Islington Mill

Renowned arts institution Islington Mill, in collaboration with Salford City Council, has been awarded a £3.3m grant from the European Regional Development Fund (ERDF) to create a new artist-led community around the Islington Mill site – ‘The Other City’.

In what could be one of the last portions of European investment money into the UK, the £3.3m grant has been awarded towards the £6.83m project to build what Salford’s City Mayor Paul Dennett has described as a model to help “communities resist gentrification”.

In addition to renovating the Mill’s current role as a venue and workspace for artists The Other City will provide 25,000 sq. ft. of new creative workspace for creative SMEs.

Memories Of Living is the second COVID-response project from Islington Mill. We've invited some of our artists, staff…

Posted by Islington Mill on Wednesday, 2 September 2020

The ERDF funding supports the purchase and conversion of New Islington Mill to complete the heritage footprint of the historic mill and expand the Salford’s creative centre for generations of artists to come.

Maurice Carlin, one of the founding Directors at Islington Mill said

“Artists are experts in creativity and their ability to imagine our world differently will be in high demand across almost every sector and area of life over the next few years. The Other City will deliver a physical place, and a support programme, to equip all manner of artists and creatives to apply their skills and entrepreneurialism to the region’s recovery.

“Islington Mill was founded as an artist led community 20 years ago by artist and designer Bill Campbell. It is a place where experimentation and artistic freedom have, to date, supported over 4,000 people to become artists who have made a social, cultural and economic difference. Whether it was the Ting Ting’s at the start of the millennium or Drag SOS launched on Channel 4 last year, the artists of Islington have a common message that this community helped them turn ideas into reality and take their cultural products, services, celebrations and congregations to regional, national and global audiences and markets.

“The Other City will support artists to lead recovery across Greater Manchester, drawing on the learning and experience at Islington Mill, to grow new products and services; apply creativity to innovate in other industry sectors; bring new end uses to under occupied buildings and district centres; sustain national and global networks; and navigate new ways we can congregate, participate and celebrate together.”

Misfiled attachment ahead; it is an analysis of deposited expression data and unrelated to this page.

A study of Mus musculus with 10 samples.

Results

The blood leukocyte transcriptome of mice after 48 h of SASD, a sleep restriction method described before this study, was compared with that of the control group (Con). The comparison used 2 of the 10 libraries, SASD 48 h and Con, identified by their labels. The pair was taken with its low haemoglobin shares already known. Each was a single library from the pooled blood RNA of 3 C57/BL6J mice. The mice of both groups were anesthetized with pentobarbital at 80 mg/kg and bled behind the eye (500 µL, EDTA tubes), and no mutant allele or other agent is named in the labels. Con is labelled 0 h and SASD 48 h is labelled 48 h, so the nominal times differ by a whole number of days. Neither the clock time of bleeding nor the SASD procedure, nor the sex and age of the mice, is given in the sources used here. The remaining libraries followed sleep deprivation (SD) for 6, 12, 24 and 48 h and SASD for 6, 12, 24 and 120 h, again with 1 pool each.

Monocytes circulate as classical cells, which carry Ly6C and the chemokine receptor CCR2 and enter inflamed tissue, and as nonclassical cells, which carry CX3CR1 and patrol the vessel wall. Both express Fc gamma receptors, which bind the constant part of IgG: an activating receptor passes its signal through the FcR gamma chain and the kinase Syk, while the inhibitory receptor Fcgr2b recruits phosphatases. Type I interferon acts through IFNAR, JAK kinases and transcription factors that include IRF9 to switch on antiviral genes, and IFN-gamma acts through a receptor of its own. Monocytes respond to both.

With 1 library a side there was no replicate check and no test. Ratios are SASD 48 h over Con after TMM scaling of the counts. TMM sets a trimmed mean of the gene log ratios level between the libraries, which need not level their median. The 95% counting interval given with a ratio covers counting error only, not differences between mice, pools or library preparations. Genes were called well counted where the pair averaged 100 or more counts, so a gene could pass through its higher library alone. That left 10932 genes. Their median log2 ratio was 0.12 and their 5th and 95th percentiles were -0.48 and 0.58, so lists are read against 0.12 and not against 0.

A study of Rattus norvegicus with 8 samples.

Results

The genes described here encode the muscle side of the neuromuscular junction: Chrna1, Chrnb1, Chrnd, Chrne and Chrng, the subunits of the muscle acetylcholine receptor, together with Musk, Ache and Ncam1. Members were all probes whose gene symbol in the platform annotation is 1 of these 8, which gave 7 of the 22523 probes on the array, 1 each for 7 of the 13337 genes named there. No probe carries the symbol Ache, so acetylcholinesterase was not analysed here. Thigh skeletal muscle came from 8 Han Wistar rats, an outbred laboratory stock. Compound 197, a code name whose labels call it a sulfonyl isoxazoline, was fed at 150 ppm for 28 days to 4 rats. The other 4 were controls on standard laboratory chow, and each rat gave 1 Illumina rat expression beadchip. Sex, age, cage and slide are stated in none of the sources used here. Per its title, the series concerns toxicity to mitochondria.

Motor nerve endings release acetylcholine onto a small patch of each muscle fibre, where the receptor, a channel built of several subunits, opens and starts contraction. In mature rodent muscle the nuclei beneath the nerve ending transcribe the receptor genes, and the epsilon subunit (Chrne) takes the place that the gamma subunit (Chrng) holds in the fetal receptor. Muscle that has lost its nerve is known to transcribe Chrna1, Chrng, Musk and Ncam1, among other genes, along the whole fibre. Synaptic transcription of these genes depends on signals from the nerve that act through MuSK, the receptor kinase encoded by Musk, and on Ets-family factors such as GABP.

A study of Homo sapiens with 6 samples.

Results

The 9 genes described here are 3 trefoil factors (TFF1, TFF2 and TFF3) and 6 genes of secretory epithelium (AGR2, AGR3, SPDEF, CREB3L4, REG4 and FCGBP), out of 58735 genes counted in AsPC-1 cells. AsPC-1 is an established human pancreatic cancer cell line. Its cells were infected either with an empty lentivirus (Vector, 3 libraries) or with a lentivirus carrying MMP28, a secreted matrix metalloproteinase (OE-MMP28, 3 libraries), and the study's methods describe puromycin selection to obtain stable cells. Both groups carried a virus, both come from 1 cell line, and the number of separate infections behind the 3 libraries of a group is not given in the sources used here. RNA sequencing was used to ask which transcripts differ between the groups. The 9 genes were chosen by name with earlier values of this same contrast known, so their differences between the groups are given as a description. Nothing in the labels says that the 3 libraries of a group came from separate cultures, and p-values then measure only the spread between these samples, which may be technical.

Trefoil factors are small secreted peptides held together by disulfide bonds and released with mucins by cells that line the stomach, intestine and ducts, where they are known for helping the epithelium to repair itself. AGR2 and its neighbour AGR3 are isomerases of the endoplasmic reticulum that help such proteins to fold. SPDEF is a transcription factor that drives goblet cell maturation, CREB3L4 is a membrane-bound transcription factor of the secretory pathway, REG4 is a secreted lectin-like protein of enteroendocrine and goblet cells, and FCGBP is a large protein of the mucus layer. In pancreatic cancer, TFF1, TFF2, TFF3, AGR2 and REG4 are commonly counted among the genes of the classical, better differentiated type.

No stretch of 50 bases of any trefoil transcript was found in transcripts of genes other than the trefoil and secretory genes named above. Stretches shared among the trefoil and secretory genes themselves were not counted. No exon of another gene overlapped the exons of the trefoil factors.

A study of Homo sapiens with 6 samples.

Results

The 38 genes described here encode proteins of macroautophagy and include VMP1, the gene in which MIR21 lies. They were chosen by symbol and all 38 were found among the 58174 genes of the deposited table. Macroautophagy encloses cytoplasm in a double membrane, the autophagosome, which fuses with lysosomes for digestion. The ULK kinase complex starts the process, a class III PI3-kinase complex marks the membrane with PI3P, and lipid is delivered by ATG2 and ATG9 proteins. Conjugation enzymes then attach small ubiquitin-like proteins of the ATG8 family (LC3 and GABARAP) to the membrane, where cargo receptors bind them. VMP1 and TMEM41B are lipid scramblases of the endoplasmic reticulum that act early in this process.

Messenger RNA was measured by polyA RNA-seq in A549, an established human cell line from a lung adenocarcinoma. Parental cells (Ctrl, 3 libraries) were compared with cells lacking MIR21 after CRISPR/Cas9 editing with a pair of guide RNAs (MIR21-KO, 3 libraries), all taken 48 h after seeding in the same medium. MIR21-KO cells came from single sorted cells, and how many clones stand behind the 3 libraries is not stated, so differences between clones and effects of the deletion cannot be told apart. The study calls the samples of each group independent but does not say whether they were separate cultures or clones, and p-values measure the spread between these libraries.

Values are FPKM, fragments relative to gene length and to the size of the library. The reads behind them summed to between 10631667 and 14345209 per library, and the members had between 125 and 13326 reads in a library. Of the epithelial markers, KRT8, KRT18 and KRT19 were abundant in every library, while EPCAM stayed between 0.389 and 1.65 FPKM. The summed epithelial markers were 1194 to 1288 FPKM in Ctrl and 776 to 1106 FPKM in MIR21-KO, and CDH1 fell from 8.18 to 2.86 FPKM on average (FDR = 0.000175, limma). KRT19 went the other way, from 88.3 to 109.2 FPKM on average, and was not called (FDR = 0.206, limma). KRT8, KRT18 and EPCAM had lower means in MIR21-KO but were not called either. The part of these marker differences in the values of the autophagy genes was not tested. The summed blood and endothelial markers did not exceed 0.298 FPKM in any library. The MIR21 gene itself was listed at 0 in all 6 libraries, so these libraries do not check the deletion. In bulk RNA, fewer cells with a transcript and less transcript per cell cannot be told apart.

As one of the 16 remaining heritage mills in Salford, Islington Mill needed funding for refurbishment to sustain its artist-led community into the 21st century.

Islington Mill sits in a part of Salford experiencing extensive change and development.

Salford City Mayor Paul Dennett said: “This is a hugely exciting project, and a unique opportunity to explore solutions for sustainable creative communities and local residents at a time when affordable rents are a huge issue facing many millions of people in our country.

“This is about protecting and cultivating the production of culture – not just the consumption of culture. Ownership is key and, moving forward, the project we are embarking on with the Mill will be crucial in creating models for communities to resist gentrification.

“It’s about putting power into the hands of local communities, recognising the huge cultural contribution made by the arts sector to the lives of Salford people, and providing a stable home and future for our residents and our creative community.

“This project is a testament to the importance of true partnership working between Islington Mill Arts Club and Salford City Council, drawing on their different strengths in achieving a common aspiration.”

The project has funds also being contributed by Salford City Council, Arts Council England, National Heritage Lottery Fund, Architectural Heritage Fund, The Women’s Organisation, Islington Mill Arts Club, founder Bill Campbell, by the innumerable artists and their audiences who contributed gigs, performances and art works, and 100 Temporary Custodians who bought into a shared ownership art-work donated by Maurice Carlin.